The Effect of Colonialism on the Bangladeshi Female Immigrant in Britain

The Effect of Colonialism on the Bangladeshi Female Immigrant in Britain

J. Sunita Peacock (Slippery Rock University, USA) and Shaheen A. Chowdhury (College of DuPage, USA)
DOI: 10.4018/978-1-5225-8909-9.ch025

We will be using Monica Ali’s novel, Brick Lane to show how immigrant women in the 21st century still have to negotiate a space and role for themselves inside and outside the home. We will also show how Monica Ali’s Bangladeshi immigrant protagonist, Nazneen, positions her life as an immigrant worker in London, both inside and outside her home. The premise of the essay is to show the negotiation that the migrant woman makes in her relationship between the inside/outside, her natal home/her home on foreign soil and how the migrant woman is attempting through her labor both inside and outside her home to write herself into the western nation’s discourse. The negotiation allows the woman to empower herself as she bridges the gap between the inside/outside culture of the home and the world. This empowerment is revealed later in the essay when Nazneen, the protagonist, silently empowers herself as she obtains a job as a seamstress, which emancipates her, and allows her to make her decision to live in London.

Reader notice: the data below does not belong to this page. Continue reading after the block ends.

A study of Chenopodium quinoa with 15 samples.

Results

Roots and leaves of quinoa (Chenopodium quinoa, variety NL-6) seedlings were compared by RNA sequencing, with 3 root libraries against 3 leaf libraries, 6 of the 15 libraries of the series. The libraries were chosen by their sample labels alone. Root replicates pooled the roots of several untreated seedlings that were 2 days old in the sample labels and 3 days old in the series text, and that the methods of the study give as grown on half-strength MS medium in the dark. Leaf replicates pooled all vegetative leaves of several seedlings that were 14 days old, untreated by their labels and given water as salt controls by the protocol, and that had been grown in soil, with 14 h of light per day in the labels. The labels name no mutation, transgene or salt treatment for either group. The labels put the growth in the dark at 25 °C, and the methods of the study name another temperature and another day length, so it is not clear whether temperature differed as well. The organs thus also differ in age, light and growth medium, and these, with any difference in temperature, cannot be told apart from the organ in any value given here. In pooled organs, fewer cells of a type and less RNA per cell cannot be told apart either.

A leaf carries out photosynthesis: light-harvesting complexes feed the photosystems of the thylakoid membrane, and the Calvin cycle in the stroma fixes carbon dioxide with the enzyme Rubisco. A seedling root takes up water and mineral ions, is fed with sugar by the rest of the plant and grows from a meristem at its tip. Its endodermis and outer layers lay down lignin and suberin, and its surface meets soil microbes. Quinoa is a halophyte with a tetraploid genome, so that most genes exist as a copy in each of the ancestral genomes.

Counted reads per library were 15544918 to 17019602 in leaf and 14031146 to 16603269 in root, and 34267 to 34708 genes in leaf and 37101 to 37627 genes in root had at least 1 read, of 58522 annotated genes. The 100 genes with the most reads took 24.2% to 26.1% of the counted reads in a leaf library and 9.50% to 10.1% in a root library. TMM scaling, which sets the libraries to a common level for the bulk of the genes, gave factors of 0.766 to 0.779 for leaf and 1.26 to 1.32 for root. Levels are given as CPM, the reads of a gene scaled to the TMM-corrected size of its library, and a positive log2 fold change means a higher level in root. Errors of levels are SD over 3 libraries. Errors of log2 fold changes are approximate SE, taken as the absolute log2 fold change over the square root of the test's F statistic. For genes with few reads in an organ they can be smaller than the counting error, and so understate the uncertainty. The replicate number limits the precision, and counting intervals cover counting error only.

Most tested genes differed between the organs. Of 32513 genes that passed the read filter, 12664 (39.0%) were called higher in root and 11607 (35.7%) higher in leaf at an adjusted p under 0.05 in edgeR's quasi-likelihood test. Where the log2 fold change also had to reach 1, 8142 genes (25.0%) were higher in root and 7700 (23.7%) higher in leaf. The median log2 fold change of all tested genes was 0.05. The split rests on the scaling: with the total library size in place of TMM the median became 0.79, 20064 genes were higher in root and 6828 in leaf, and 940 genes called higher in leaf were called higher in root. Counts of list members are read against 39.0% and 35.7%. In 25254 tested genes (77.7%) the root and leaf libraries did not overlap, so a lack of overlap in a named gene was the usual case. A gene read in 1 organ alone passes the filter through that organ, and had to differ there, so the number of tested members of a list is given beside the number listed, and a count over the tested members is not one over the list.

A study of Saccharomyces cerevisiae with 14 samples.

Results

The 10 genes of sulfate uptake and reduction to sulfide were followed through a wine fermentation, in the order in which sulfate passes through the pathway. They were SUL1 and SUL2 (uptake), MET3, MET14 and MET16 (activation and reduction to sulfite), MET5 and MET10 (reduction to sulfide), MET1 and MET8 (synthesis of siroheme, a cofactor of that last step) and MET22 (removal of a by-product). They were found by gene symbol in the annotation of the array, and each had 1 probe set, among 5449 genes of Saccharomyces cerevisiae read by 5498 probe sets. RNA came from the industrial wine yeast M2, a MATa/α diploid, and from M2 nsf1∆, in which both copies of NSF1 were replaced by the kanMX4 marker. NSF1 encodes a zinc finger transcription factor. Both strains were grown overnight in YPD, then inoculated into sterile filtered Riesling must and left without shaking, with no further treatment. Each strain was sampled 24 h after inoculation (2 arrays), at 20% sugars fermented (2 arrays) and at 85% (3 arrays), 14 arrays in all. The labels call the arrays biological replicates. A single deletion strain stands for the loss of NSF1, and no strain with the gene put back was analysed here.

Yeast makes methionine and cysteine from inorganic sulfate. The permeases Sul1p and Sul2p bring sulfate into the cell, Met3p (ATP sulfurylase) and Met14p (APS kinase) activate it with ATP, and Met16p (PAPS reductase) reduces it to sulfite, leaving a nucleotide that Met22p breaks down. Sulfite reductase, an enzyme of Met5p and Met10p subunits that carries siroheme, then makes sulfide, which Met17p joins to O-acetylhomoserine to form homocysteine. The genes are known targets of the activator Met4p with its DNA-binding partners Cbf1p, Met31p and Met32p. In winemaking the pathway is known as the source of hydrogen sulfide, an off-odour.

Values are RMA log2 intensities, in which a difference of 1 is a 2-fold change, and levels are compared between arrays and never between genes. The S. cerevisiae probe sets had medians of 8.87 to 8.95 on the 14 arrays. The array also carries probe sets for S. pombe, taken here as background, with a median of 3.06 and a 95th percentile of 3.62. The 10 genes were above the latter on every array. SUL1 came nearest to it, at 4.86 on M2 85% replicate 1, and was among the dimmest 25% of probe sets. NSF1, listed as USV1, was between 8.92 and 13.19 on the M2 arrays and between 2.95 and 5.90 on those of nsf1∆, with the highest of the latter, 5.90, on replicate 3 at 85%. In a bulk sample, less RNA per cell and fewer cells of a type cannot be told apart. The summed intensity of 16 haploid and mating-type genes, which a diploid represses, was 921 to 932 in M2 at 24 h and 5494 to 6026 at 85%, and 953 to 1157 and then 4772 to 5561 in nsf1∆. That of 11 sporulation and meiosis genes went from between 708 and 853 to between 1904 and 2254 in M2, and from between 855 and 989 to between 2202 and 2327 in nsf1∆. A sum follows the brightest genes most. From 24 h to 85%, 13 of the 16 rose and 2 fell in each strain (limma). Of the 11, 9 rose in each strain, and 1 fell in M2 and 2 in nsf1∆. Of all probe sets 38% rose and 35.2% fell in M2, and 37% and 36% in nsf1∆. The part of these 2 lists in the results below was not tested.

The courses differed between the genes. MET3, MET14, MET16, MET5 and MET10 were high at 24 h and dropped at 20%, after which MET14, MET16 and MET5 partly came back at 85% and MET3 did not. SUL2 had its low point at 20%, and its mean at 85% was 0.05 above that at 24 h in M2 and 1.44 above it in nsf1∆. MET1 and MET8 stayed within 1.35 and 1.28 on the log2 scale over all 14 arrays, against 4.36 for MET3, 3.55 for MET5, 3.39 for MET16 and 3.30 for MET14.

Briefly, in looking at the history of migration and women’s roles in it, Su-Ju-Cheng (1999) notes in her essay titled, “Labor Migration and International Sexual Division of Labor,” that women were “either invisible or treated as dependents of male migrants without individual identities” (p.40). Further in the case of women in international migration, they have “existed to perform certain functions that have been built on the existing gender stratification, “which has “further reinforced the hierarchical gender structure” (p.41). One sees such a structure in Ali’s Brick Lane, when Nazneen, Ali’s protagonist maintains the inside culture of the home while her husband works as a taxi driver outside the home. The maintenance of one’s home culture then hearkens back to the patriarchal nationalist theories propounded in India during the 19th century. This also parallels Alistair Cormack’s (2006) concepts of double bind that female migrants face. Here we see in Brick Lane, Nazneen faces a double bind by being an alien in the host culture while being treated as a commodity or object by men (husband) in her own culture and community. Nazneen, like other migrants, is isolated by both their community and their host culture which further emphasizes the gender inequality she faces. This gender inequality and husband domination which women are accustomed to in Bengali culture keeps women inside the house and they are unable to help their family financially. This way Chanu her husband keeps her inside from the outside host culture and hence alienates her from the host country she lives in.